Prenuptial agreements

Prenuptial agreements

Binding Financial Agreements (BFA) are commonly referred to as prenuptial agreements. They are available to the parties (or prospective parties) to a marriage or de facto relationship in order to settle the way in which their property interests will be changed should their marriage or de facto relationship breakdown. Prenuptial agreements are drafted to reflect agreed arrangements for the division or transfer of property, splitting of superannuation interests, maintenance of a spouse, provision for children or any other financial issues that may arise. They can be created in contemplation of marriage, during a marriage or a de facto relationship or following separation.

BFAs are often challenged in the Family Court. It is therefore important that the agreement is properly negotiated and drafted. Further, it is vital that strict criteria set out in the Family Law Act are complied with.
For an agreement to be binding it must be signed by both parties and their lawyers. Prior to signing each party must receive independent legal advice from a legal practitioner about the effect of the agreement on the rights of that party and the advantages and disadvantages to that party making the agreement. Whilst disclosure of each party’s financial circumstances is not a formal requirement it is prudent to include such information. Doing so will help reduce the risk of having the agreement set aside and will greatly assist your lawyer to formulate the advice. It is also important that you raise key concerns or issues with your lawyer so that the agreement can be properly crafted to suit your circumstances, and your wishes. And, being a contract, the BFA must comply with principles of the law of contract.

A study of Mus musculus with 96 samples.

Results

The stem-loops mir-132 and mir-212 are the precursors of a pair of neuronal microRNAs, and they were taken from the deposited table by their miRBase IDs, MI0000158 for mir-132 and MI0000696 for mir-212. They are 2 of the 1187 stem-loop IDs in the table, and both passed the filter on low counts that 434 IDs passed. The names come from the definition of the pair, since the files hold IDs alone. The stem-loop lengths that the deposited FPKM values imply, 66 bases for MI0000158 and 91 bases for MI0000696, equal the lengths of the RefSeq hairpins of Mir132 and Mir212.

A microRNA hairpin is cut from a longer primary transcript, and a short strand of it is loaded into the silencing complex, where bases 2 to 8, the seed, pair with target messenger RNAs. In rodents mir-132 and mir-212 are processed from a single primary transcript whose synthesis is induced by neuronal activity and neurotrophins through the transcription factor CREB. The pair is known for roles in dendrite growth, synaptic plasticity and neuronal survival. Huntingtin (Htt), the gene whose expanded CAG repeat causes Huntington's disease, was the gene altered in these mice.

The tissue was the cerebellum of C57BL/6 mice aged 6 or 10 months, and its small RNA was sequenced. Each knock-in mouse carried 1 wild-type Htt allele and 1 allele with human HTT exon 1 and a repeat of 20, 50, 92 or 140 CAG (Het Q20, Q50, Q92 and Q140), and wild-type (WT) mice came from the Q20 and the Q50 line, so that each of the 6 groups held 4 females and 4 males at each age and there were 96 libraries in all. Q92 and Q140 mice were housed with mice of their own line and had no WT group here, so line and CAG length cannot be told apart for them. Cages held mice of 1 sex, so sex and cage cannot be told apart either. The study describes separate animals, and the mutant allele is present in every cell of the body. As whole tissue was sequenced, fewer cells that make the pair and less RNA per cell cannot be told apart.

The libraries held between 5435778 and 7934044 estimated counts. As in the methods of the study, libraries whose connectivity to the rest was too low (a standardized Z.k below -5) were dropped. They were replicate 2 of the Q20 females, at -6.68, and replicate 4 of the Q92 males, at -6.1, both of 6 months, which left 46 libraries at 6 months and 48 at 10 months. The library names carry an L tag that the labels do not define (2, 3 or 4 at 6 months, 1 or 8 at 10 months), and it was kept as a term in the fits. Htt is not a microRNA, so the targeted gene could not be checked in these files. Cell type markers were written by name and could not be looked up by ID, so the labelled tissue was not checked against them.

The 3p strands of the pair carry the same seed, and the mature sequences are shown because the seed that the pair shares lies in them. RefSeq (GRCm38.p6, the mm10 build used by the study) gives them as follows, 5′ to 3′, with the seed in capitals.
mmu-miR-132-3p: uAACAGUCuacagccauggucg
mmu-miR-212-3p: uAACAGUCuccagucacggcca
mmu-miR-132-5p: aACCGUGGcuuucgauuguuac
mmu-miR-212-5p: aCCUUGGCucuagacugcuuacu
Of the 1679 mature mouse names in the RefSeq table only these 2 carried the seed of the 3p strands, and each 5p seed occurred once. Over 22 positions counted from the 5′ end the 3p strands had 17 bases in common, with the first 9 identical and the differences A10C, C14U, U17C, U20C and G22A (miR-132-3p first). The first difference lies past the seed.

A BFA may also make provision for the care, welfare and development of a child. If a party has increased responsibility for the child and the agreement does not address the change in circumstances it might be set aside if the party is to suffer hardship. An example of hardship may be that after separation one party has to support him or herself together with the child and the other party does not provide adequate child support.
There are many grounds upon which a BFA might be set aside. So many as to raise the question of whether they can really be called binding at all. And certainly too many to traverse in this short article.

Parties to a relationship should also be aware that there are other, sometimes preferable, methods for formalising the division of property at separation. A property settlement achieved through a court order has the advantage that the division of property will be binding and more difficult to challenge at a later date when disputes become more emotive. Such a settlement cannot, however, be achieved prior to the commencement of marriage or a de facto relationship. For that there is either a BFA or the abyss of love. And sometimes both.

Contact us now to discuss whether a BFA might be suitable for your circumstances.